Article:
Sunday, 29 April 2007

That’s Why I Like Reading

I only looked into the second chapter of We Need To Talk About Kevin before I tapped the mat repeatedly . . . enough is enough. I did honestly try to dig into it but I was going nowhere at an alarming pace. It was like forcing yourself to eat; you begin to question if you actually like what you’re ingesting. I offered the book to a friend who has to return her copy to the library, she was far from eager to accept my ‘generous’ offer. She had eaten more of the book than I had and has no real urge to see if it gets better. What a shame, I guess I’ll find some other use for it, summer is almost upon us and bugs must be killed.

I’ve only read the first chapter of the now engaging novel Half Of A Yellow Sun, yet already know that I’ll likely finish the whole book in half the time it took me to read one and a half chapters of We Need To Talk About what’s his name.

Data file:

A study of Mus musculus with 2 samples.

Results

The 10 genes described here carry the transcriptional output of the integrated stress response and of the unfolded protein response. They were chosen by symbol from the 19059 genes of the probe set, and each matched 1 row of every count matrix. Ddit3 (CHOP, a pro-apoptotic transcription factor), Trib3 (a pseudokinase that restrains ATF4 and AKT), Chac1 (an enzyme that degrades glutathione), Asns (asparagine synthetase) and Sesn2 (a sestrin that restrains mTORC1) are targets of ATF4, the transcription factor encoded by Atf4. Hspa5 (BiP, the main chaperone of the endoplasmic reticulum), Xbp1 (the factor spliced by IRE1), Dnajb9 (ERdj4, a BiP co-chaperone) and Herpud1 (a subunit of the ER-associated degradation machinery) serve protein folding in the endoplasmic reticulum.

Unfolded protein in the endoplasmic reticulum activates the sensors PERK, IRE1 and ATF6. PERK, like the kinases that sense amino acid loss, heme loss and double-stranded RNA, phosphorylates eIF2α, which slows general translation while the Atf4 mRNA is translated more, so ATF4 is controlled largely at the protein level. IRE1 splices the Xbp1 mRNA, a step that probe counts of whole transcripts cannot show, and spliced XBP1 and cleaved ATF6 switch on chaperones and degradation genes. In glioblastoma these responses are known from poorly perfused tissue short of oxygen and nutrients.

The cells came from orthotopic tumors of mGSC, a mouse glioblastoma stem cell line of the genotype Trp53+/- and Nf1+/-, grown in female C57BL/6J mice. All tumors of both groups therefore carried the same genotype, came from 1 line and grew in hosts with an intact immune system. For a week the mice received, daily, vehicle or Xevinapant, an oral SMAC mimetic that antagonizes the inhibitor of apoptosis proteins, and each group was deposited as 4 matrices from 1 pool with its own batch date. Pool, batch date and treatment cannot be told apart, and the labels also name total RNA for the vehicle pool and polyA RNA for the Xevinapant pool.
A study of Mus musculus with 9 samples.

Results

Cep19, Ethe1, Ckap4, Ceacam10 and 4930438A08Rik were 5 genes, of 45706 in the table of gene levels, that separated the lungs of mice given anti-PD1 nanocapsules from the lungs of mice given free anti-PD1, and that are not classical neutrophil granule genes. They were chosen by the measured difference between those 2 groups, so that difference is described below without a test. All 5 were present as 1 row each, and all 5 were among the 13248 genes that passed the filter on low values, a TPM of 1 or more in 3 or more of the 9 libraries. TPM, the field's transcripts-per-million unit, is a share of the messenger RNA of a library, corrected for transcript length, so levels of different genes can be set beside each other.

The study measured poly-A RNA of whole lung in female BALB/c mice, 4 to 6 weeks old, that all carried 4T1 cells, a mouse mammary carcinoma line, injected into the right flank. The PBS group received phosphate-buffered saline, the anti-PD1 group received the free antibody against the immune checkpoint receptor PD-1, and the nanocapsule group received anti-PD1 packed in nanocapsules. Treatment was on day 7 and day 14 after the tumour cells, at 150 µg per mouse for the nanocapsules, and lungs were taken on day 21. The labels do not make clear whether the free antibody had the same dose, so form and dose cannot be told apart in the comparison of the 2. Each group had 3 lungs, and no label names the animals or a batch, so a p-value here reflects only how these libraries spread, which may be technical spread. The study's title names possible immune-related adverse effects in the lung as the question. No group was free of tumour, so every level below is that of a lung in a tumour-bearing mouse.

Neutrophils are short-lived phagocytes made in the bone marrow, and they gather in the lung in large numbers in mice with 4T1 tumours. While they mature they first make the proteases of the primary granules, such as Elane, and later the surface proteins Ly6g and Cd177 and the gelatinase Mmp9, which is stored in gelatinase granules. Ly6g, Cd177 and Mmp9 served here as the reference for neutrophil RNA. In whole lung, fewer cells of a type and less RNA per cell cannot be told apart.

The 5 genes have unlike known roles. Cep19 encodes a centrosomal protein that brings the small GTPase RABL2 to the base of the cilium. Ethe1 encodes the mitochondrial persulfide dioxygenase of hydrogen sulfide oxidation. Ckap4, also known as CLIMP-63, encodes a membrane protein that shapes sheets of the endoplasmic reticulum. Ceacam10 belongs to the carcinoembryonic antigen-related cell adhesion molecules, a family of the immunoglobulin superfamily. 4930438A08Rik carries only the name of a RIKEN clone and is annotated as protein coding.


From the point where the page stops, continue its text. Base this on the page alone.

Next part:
The book was written by Chimamanda Ngozi Adichie, a female novelist whose writing style lures me in with great ease. I’m looking forward to the following chapters with expectation.

Adichie is a charming show-off.

In the first chapter she has set up an open story which may lead in several directions, subsequently removing its predictability. The reader has been convincingly sent to the early sixties, enigma floats in the air, and she has introduced a solid writing style, displayed historical, political and social knowledge, and still managed to make me laugh out loud. There was even sex . . . nothing too raunchy, but you get the impression that the book can, I might just go there. Lord knows Ugwu (the young male protagonist) wants it to go there!

I cannot relate to Ugwu’s position, but elements of his character remind me not only of my early teens, but also of my current naivety and disapproval of untimely change.

You shouldn’t judge a book by its cover, neither by its first chapter, but I can see myself enjoying this novel and looking for others written by Adichie. She reminds me why I love reading. Losing yourself in a book helps you to forget about the racket going on outside (and also inside) of your head. It’s a form of escapism that allows the mind to adventure and the body to rest. Let’s see where it takes me.

A to the . . .


Shrink wrapped scream said...

Glad to see you've moved on to something more digestable and promising..

ozlady said...

I've experienced that... knowing that I'm just not going to dig a book. Love to read... glad you see you do too.